On Thursday last week, the US Federal Reserve announced QE 3: a program through which it will purchase $40 billion in Mortgage Backed Securities (MBS) every month going forward.

Given the close proximity of this move to the European Central Bank’s (ECB) “unlimited” bond purchasing program announced the week before, the Fed’s move should be taken as a coordinated Central Bank intervention. Thus, we have both the ECB and the Fed going “all in” on their efforts to support the Global Financial System.

This decision will not be without its consequences. Inflationary pressures were already high in the US and around the world. They will be going higher as a direct consequence of the Fed’s move.

Indeed, Oil is back at $100 per barrel. Gold has broken out of its wedge pattern and will likely hit new highs before year-end. And Agricultural Commodities are approaching records due to both severe droughts in the US combined with the Fed and ECB’s announcements.

The Fed has never been good at anticipating the consequences of its actions (see the Arab Spring that resulted from QE 2’s impact on food prices). So we have to ask ourselves, “has the Fed gone too far this time in its efforts to boost stock prices?” 

Our initial view is “yes.” Stocks were already at four-year highs before QE 3 sent them soaring. Our primary concern now is that by announcing QE 3 at this time, the Fed has removed the primary driver of stock prices: the anticipation of more Fed intervention.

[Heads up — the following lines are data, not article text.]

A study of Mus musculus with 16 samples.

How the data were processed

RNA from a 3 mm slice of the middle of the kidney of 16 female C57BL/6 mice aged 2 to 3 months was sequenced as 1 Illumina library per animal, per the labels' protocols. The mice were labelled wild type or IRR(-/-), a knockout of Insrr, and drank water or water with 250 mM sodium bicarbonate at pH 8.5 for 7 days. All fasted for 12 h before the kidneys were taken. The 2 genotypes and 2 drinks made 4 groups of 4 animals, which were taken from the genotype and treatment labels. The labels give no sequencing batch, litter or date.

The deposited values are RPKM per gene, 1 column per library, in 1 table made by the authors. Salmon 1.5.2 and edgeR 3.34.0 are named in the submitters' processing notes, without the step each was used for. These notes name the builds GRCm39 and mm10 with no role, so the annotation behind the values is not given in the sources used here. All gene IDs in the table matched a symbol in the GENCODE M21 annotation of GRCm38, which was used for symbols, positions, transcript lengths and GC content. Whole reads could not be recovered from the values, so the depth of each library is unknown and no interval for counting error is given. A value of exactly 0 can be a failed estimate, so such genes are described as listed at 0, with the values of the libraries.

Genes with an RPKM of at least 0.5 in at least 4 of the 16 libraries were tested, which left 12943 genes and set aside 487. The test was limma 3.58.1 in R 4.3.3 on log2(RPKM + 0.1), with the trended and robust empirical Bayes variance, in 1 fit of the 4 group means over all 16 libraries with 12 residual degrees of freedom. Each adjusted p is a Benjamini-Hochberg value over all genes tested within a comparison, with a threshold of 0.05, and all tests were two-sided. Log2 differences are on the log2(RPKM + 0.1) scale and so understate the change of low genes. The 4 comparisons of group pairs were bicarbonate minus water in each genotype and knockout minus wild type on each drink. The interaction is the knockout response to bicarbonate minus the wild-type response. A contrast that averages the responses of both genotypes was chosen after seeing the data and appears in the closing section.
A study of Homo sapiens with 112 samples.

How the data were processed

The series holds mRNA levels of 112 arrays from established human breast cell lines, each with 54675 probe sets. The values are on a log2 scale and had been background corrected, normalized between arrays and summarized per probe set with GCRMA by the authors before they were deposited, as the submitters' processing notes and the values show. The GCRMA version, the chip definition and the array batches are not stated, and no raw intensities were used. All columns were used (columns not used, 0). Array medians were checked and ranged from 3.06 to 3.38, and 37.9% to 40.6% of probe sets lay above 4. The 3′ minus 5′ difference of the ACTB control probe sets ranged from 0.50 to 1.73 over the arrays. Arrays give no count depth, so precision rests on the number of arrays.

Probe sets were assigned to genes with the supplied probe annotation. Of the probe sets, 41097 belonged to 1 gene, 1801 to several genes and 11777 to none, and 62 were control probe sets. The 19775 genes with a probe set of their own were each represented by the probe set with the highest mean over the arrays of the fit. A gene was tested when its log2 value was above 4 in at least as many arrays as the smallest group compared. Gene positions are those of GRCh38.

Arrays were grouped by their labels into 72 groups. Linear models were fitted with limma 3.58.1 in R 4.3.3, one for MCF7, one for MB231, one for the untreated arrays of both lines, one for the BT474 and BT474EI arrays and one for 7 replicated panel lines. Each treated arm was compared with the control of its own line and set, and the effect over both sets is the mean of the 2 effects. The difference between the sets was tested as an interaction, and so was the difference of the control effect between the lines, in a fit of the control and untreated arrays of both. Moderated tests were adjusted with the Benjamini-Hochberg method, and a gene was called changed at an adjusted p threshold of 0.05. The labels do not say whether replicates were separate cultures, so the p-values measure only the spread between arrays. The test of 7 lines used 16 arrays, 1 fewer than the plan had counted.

Remember, the NY Fed has admitted publicly that without the investor anticipation of Fed action, the S&P 500 would be at 600 today. Thus, by making QE 3 an “open” or “unlimited” program, the Fed has removed this anticipatory effect as going forward investors already know what the Fed will be doing in the future.

Moreover, this open-ended intervention has dramatically raised the bar for any future potential Fed action. Barring a systemic crisis or the collapse of a major bank, the Fed’s hands are now tied due to it having an ongoing intervention in place.

Which leads us to the multi-trillion Dollar question: what if this QE program proves to be a dud? What if the Fed, by announcing such a program, has not only removed the anticipation of future Fed action, but has in fact played its hand too far?

After all, stocks are now extremely overbought and due for a correction. What would a correction do to investor perception of the Fed’s abilities coming so soon after a new large program such as this?

These are the issues to consider going forward. Our view is that it is quite possible the Fed has played its hand too strongly and thereby damaged its future efforts to maintain market stability via intervention. Given that stocks were already decoupled from the underlying economic realities, this has made the market highly vulnerable to a sharp correction.

And then of course, there is the coming inflationary storm to consider.